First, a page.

The US Department of Justice (DOJ) scraped on Monday its request for Apple Inc.'s assistance to hack into the phone of a terrorist killer.
The federal government department, on behalf of the Federal Bureau of Investigation (FBI), made the move at the US District Court, Central California, before Judge Sheri Pym.
A week ago, a day before the DOJ and the Silicon Valley technology company were scheduled to appear at a hearing at the court, the government side said it was trying a new way to unlock the iPhone 5c used by Syed Farook, who together with his wife Tashfeen Malik shot dead 14 people on Dec. 2 last year in San Bernardino, California, before being killed by police.
The smartphone has a feature that erases data after 10 unsuccessful unlocking attempts.
Apple had been resisting the order by Judge Pym since Feb. 16, when she ordered the manufacturer to provide the FBI with specialized software to disable the security feature.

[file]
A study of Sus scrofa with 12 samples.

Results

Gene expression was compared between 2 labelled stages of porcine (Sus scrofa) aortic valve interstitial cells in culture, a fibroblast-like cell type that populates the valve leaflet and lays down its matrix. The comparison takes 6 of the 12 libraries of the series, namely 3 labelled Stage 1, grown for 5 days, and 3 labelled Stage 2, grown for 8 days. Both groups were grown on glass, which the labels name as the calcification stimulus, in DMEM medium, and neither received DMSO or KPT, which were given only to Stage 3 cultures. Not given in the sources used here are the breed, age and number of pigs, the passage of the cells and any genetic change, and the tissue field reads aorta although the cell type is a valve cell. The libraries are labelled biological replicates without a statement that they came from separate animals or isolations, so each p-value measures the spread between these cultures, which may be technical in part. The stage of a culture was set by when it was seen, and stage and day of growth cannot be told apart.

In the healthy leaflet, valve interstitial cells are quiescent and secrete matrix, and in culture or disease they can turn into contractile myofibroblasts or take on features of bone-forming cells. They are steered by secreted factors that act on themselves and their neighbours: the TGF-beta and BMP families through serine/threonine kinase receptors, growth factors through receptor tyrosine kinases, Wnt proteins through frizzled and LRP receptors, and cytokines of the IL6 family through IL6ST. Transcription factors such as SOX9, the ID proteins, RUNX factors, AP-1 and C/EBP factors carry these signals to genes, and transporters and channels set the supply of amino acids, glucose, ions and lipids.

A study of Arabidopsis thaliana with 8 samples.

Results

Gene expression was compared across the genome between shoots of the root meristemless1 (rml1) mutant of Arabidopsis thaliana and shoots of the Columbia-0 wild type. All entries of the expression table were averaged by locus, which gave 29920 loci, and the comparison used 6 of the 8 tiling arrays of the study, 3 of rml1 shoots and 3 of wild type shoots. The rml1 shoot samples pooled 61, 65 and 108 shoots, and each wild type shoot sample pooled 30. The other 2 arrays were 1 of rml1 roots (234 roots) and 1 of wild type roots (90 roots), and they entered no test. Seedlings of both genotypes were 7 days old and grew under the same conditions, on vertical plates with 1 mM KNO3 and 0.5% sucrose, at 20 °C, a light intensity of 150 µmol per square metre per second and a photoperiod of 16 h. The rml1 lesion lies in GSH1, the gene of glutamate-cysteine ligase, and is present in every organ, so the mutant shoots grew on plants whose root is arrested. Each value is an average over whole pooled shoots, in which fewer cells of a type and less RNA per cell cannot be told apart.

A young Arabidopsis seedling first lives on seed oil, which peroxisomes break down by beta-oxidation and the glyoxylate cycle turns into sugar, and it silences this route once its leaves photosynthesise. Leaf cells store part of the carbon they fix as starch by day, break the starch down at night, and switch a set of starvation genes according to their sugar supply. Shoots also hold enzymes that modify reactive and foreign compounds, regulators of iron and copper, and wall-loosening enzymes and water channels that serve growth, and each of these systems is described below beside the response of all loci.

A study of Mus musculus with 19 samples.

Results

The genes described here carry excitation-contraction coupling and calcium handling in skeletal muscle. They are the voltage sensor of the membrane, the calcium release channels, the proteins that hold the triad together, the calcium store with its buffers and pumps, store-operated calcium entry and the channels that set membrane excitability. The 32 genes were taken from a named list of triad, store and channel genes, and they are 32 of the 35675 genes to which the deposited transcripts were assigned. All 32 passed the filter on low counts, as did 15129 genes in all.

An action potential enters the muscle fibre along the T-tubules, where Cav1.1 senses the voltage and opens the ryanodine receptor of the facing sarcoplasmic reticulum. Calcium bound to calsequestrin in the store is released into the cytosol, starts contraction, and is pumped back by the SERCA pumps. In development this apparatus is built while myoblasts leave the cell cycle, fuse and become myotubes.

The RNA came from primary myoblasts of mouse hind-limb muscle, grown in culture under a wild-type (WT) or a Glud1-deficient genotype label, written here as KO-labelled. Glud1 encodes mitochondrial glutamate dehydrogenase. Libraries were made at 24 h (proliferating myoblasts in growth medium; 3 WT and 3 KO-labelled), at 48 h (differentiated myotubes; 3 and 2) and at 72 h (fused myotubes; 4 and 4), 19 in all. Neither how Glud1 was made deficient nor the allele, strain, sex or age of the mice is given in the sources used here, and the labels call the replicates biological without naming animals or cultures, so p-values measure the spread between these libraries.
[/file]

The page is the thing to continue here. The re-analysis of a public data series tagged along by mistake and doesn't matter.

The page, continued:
In an earlier TV interview, citing privacy protection for customers as a reason, Apple Chief Executive Officer Tim Cook suggested that he would fight the case all the way up the U.S. Supreme Court.
The argument was heated, as the government side fought on the ground that it was a work phone owned by the San Bernardino County, and the software would be in the process of Apple rather than in the hands of FBI agents.
Both sides seemed to have failed to win full public support.
However, the DOJ's decision not to go after Apple's assistance effectively put the dispute to an end, at least for now.